Wednesday, November 02, 2005

John Kerry’s Eulogy of Rosa Parks

Senator John Kerry’s delivered a beautiful eulogy at the funeral of Rosa Parks today at the Greater Grace Temple in Detroit, Michigan. The following is the text of the eulogy:

Senator John Kerry - Eulogy of Rosa Parks
Detroit, Michigan
November 2, 2005 - As prepared for delivery

“When I met Rosa Parks, I was overwhelmed by this graceful, small woman’s quiet strength and humility - her conviction in taking on the army of power that was deployed before her - her courage to dig in, knowing full well the power of the courthouse, the power of the sheriff’s badge, the power of the vigilante, the power of the establishment - knowing that on dark country roads or after a knock on the door in the middle of the night, people still disappeared and died almost anonymous deaths except for those who loved them. So many killed just trying to be citizens in the land of the free.

“Rosa Parks reminded many and taught even more how to talk truth to power. In an era when these words are thrown around too easily, she lived the words ‘courage’ and ‘patriot’ - she loved the dream of our country more than herself and she was willing to risk it all to live the dream.

“In the struggle for civil rights, some were called to stand up to Bull Connor’s fire hoses and police dogs - some to stand up to Klan terrorism - and some to stand up to state sponsored acts of violence. But some were called simply to sit down - at lunch counters in Greensboro and Nashville and Atlanta - or on a bus in Montgomery.

“Rosa Parks was about progress, not memory. Yes, she sat down so we could stand up, but not so we could stand still.

“The bus still comes by again and again and each time we have to decide whether to go quietly to the back, or by simple acts of courage and conviction change the direction of our own country’s journey.

“If she did that, then how much greater is the responsibility of those of us with privilege and power who pay tribute to her today. The life of Rosa Parks demands deeds, not epitaphs. For the final words cannot be spoken or written while her cause is still unfinished. Nothing we say here can match what she did in that sacred moment on a municipal bus in Montgomery, Alabama. What matters now is what we do after the casket is gone, the candles are quenched, and the next bus comes by.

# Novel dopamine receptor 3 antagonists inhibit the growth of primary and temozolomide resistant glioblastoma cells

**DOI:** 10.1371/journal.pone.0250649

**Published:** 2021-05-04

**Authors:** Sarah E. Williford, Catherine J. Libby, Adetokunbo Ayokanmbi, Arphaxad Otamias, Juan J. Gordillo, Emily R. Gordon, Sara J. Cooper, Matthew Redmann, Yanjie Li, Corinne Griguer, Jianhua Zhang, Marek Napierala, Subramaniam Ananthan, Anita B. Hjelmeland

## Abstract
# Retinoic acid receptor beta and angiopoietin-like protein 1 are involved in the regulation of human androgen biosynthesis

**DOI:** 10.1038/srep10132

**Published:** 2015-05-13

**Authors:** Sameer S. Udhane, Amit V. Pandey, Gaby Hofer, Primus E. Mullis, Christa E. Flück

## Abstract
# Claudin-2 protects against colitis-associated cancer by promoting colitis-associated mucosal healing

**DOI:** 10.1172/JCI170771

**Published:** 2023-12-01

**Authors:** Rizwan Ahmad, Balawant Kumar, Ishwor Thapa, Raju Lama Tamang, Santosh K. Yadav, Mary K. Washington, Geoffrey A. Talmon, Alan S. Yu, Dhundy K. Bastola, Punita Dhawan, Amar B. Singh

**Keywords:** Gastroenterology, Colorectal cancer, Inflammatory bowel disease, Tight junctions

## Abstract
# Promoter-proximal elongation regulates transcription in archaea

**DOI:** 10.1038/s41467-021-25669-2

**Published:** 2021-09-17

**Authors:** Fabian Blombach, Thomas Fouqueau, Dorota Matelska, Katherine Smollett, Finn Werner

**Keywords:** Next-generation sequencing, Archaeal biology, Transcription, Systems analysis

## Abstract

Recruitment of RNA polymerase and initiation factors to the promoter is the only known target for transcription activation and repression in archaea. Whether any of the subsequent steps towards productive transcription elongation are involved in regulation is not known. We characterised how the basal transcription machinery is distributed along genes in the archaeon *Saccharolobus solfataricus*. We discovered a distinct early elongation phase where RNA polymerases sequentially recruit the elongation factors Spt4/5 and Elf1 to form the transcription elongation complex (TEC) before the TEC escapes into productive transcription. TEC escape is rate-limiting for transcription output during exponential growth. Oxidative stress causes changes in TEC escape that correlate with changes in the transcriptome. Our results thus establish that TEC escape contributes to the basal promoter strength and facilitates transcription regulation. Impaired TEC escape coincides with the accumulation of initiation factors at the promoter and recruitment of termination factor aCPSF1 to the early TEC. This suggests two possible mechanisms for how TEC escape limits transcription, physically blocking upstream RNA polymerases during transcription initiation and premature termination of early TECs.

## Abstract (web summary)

“For Rosa Parks and for America, it is our own time to answer ‘no’ to those who would deny or degrade equality in the name of states’ rights, or with the false claim that our history is color blind. When she sat down on that bus it was affirmative action; now we must stand up for affirmative action, for Rosa Parks and for our country.

“It is our time to demand that every vote be counted and no voters be discounted because of the color of their skin - for Rosa Parks and for our country.

“It is our time, now more than ever, to defend the right of women to live in a world where the mountaintops are no longer reserved for men. Our time to remember that after the Pope blessed her and placed rosary beads around her neck, Rosa Parks wrote to him in gratitude. She said ‘my lifetime mission has been simple, that all men and women are created equal under the eyes of our Lord.’

“For Rosa Parks and for our country, it is our time to oppose prejudice not appease it; to dispel the fear of some towards others, not exploit it; to lift up the many - not the few, and to uphold the true patriotism that does what is right, not which justifies injustice or past errors.

“Sometimes the days seem heavy and the odds seem high, but that moment on a bus in Montgomery always comes. Someone gets on that bus, refuses to equivocate or yield and changes history. Today, that someone must be us, for Rosa Parks and for our country.”